David Lee's Soft Money Is Dominating the District 1 Race
The soft money being spent in District 1 is on track to shatter the previous record for the amount of independent cash spent in a supervisor race since 2002. But where is all this money coming from? The truth is, it's really hard to tell.
While almost every supervisoral candidate has benefited from soft money -- which include contributions not regulated, thus avoiding legal imitations -- it's especially apparent in the race between Supervisor Eric Mar and David Lee.
The problem is, it's not clear who these groups are or what they want, and it becomes even less clear when one group hides behind the name of another. The Coalition for Sensible Government, for example, is funded by the SF Association of Realtors, and both groups are funding Lee.
California and San Francisco election laws require every group that's not connected to a candidate but spends money in the campaign to disclose its expenditures to the Ethics Commission. But because of certain loopholes, not all groups have to say where they're getting their money.
"The disclosure rules exist to try and shine a light on some of this, but the loopholes create a shell game," said Oliver Luby, former Ethics staffer. "It's a never-ending series of loopholes with these guys."
As a result, it's fairly easy for a group of people to donate huge sums of money without the public knowing who's kicking in the cash. It's as easy as putting a few names on an LLC, then using that "company" to funnel contributions.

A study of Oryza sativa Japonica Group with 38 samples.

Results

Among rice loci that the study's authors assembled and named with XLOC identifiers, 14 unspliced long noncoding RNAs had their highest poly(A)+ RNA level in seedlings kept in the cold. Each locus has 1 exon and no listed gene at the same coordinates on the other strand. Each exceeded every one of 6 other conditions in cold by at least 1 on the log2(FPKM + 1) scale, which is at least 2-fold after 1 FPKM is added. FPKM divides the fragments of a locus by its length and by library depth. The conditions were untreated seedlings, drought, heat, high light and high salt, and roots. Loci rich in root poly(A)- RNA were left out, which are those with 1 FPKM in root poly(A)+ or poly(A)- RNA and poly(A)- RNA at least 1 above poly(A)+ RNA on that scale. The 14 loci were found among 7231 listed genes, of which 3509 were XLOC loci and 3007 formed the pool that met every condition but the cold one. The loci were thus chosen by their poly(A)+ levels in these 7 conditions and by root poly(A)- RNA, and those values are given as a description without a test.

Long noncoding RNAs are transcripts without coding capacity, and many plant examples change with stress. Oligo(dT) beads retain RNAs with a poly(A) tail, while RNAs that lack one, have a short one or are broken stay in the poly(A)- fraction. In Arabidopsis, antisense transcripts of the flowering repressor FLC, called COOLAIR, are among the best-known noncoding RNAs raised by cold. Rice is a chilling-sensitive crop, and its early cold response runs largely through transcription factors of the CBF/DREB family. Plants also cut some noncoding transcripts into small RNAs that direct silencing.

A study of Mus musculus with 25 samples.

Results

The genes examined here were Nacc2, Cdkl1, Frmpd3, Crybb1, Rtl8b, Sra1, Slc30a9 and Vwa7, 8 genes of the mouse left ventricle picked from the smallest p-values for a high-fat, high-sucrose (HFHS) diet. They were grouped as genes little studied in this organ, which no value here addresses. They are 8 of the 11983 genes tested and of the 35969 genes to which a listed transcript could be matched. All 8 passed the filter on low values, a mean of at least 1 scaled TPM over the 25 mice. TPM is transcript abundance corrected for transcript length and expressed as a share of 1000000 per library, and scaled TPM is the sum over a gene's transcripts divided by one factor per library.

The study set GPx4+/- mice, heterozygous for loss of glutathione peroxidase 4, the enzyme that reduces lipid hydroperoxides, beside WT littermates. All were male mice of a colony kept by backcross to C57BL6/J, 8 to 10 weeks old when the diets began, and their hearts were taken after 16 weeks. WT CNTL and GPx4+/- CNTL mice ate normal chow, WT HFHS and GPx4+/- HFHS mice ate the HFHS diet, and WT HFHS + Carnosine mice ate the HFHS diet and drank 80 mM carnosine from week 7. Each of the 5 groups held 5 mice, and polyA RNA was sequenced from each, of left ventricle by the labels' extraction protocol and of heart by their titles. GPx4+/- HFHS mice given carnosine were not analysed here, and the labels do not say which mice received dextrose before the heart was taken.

It's not difficult to see how this cavalcade of money is helping Lee in the District 1 supervisor race; if you visit the Ethics Committee website, which tracks third-party spending, the bar representing Lee is off the charts -- literally. As of Oct. 26, more than $252,000 in outside money had been spent to support Lee, and more than $66,000 had been spent to defeat his opponent, Supervisor Eric Mar.
Some of Lee's soft money has gone toward paying for bizarre ads like this one:
In comparison, Mike Garcia, a candidate in District 7, only had a little more than $86,000 spent on his behalf, while London Breed, who is running for the District 5 seat, benefited from $68,000 in independent expenditures.
Soft money is an omnipresent feature of San Francisco politics, as we pointed out in previous stories about Garcia, who was shocked to learn that the Golden State Leadership PAC had spent $25,000 on campaign materials to help him.
But don't count Mar out just yet. He's fighting back with manpower.
"We have an unprecedented number of volunteers," said Nicole Derse, Mar campaign spokeswoman. "They're much more motivated to go out and canvass when they see David Lee trying to buy this election."
Although Lee's soft money shines in this election, most everyone in politics is playing the money game these days -- and Lee says he doesn't like it.
"There is no doubt that the current system does not work and must be fixed," Lee said in an e-mail to SF Weekly. "If it was up to me, we would get rid of these committees entirely."